Prime Minister Anthony Albanese’s hope for a bipartisan approach on the Voice to parliament referendum has crumbled.
Late last year, the National party declared it would oppose the proposed model, while the Liberal party did the same earlier this month.
Nationals Senator Jacinta Nampijinpa Price said the current Voice model “lacks detail”, “divides us along the lines of race”, and that it’s “a way to push people into feeling guilt for our nation’s history”.
And Opposition Leader Peter Dutton said “it is divisive and won’t deliver the outcomes to people on the ground”.
If these words sound familiar, that’s because in the late 1980s, the Coalition used the same arguments to oppose the creation of another First Nations advisory body, the Aboriginal and Torres Strait Islander Commission (ATSIC).
Indeed, the Coalition has a long-held opposition to an empowered Indigenous advisory body, and Dutton is parroting a well-rehearsed Coalition songbook.
The Coalition’s battle against ATSIC
Over the past 40 years, cooperation between the major parties on Indigenous affairs has been a complicated matter.
Even the ostensibly bipartisan approach to the 1967 referendum – which succeeded in altering the constitution to enable the Commonwealth to make laws for Indigenous people – concealed partisan differences.
Read more: The 1967 referendum was the most successful in Australia’s history. But what it can tell us about 2023 is complicated
Gough Whitlam’s policy of self-determination became self-management under the Coalition in the late 1970s. Bipartisanship deteriorated further in the late 1980s after the Aboriginal affairs minister in the Hawke Labor government, Gerry Hand, announced the need to recognise and legislate Aboriginal self-determination.
Hand’s Aboriginal and Torres Strait Islander Commission (ATSIC) Bill would establish a national commission and regional councils across the country to monitor programs, develop policy and advise the minister. This was styled as a revolution in Aboriginal affairs.
In the 40 hours of parliamentary debates over the bill, clear ideological lines were drawn.
Hand said it was about giving Aboriginal and Torres Strait Islander people access to all levels of government to ensure the right decisions were made about their lives. It was about a new partnership and an attempt to right the wrongs of history.
Opposing it, the Coalition argued it would divide the nation rather than unite it, that it constituted a “black parliament”, that it was a racial law, and that it would not overcome Indigenous disadvantage.
The Liberals and Nationals rejected what they called the “symbolism, separatism and perpetual guilt” of the appeal to history.
But it was Hand’s suggested preamble that worried the Coalition most. It acknowledged the distinct status of Aboriginal and Torres Strait Islander people as prior occupants and original owners of the land. It aimed to provide them with:
full recognition and status within the Australian nation to which history, their prior ownership and occupation of the land, and their rich and diverse culture, fully entitle them to aspire.
The parliamentary debates reveal the Coalition’s visceral rejection of the preamble, which it called a “gross irresponsibility”.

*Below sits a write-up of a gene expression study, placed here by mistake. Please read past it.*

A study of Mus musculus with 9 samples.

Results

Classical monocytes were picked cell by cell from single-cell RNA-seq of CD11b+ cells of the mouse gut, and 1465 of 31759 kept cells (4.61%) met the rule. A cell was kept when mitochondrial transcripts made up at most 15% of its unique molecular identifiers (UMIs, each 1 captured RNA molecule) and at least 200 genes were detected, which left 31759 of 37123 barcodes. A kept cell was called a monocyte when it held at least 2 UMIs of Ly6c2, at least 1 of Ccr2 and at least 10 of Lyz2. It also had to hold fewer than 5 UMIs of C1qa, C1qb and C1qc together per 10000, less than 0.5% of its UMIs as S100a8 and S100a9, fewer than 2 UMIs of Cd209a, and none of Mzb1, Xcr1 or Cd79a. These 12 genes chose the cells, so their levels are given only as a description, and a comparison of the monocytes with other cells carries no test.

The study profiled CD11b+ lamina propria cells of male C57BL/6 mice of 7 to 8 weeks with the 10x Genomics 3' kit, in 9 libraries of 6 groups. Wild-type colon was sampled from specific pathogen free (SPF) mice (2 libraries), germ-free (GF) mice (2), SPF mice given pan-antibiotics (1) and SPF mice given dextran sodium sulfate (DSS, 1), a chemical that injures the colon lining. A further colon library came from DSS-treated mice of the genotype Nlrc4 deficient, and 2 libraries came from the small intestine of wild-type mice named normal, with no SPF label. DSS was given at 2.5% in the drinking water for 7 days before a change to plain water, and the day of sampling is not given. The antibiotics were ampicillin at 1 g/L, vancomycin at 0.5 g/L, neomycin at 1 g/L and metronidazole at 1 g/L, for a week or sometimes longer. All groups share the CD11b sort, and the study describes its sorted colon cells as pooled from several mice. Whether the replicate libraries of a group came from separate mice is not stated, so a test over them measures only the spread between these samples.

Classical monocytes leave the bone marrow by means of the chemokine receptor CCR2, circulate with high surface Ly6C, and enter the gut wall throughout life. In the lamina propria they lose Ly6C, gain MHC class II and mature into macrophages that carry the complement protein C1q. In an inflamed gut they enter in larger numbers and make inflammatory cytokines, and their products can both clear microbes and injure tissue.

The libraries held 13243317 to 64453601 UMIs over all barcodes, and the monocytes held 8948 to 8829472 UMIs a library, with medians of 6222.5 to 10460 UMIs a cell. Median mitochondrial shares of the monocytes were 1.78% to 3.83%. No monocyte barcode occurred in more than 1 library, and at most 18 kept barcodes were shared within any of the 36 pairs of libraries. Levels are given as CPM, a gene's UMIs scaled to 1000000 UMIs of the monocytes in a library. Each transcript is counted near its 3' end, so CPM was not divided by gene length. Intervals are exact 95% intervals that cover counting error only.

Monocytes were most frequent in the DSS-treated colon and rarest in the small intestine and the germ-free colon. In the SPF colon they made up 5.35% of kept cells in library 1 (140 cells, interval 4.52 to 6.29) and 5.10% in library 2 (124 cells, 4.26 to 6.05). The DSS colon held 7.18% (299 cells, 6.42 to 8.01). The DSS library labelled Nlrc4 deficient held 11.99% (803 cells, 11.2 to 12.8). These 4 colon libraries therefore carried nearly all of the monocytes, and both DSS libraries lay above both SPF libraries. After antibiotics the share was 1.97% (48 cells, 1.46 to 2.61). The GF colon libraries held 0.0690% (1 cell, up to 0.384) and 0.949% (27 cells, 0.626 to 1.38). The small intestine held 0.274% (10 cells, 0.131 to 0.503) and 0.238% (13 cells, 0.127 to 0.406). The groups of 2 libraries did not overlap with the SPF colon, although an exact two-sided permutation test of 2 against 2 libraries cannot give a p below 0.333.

In 1989, then MP John Howard declared the establishment of ATSIC an act of “sheer national idiocy”. Shadow Minister for Aboriginal Affairs Christopher Miles declared his party’s intention to abolish ATSIC if it proceeded as Hand had envisaged.
When the ATSIC bill finally passed, it was stripped of the preamble, and self-determination had been removed from its wording.
What’s happened since ATSIC?
As it turns out, the abolition of ATSIC became a bipartisan affair. In 2004, Prime Minister Howard declared the ATSIC Act would be repealed, after Labor leader Mark Latham announced his decision to do the same if elected to office. Latham suggested a reconstituted body, but Howard declared no intention of replacing it.
While there has been some cooperation on Indigenous policy since, bipartisanship around an advisory body has been a slippery proposition.
Disagreements emerged in 2017 when Labor backed the Referendum Council’s recommendation of a constitutionally enshrined Voice to parliament. Then Liberal leader, Malcolm Turnbull, rejected it.
Bipartisanship cropped up again when Liberal and Labor leaders agreed in 2018 to a restart on the referendum through a parliamentary committee, to find common ground on Indigenous recognition.
Given this history, it’s not surprising two of the main sticking points for the Coalition around the Voice proposal are that it will be permanent, and that it will have a voice to parliament and the executive (the cabinet and government departments).
The last time an Indigenous body advised the executive was when the Keating government sought to legislate native title following the Mabo decision. ATSIC mobilised a large group of Indigenous organisations to present their case to Keating’s Mabo Ministerial Committee.
Then, in a series of intense negotiations with Keating following his draft native title bill in 1993, they salvaged some rights in the face of their near extinguishment.
The resulting Native Title Act was declared by the then Liberal leader, John Hewson, as a “millstone around our country’s prosperity” and a recipe for division.
Read more: Grattan on Friday: the high cost of the Liberals’ Voice rejection – for both Peter Dutton and the party
This week, Howard resurfaced to defend Dutton’s position on the Voice referendum, declaring Dutton had not betrayed the Liberal party.
Howard was speaking a truth – the Coalition’s position on the Voice is entirely consistent with their partisanship in this area of Aboriginal policy since the 1980s.
Everything they now argue to support their “no” vote to the Voice they have long maintained.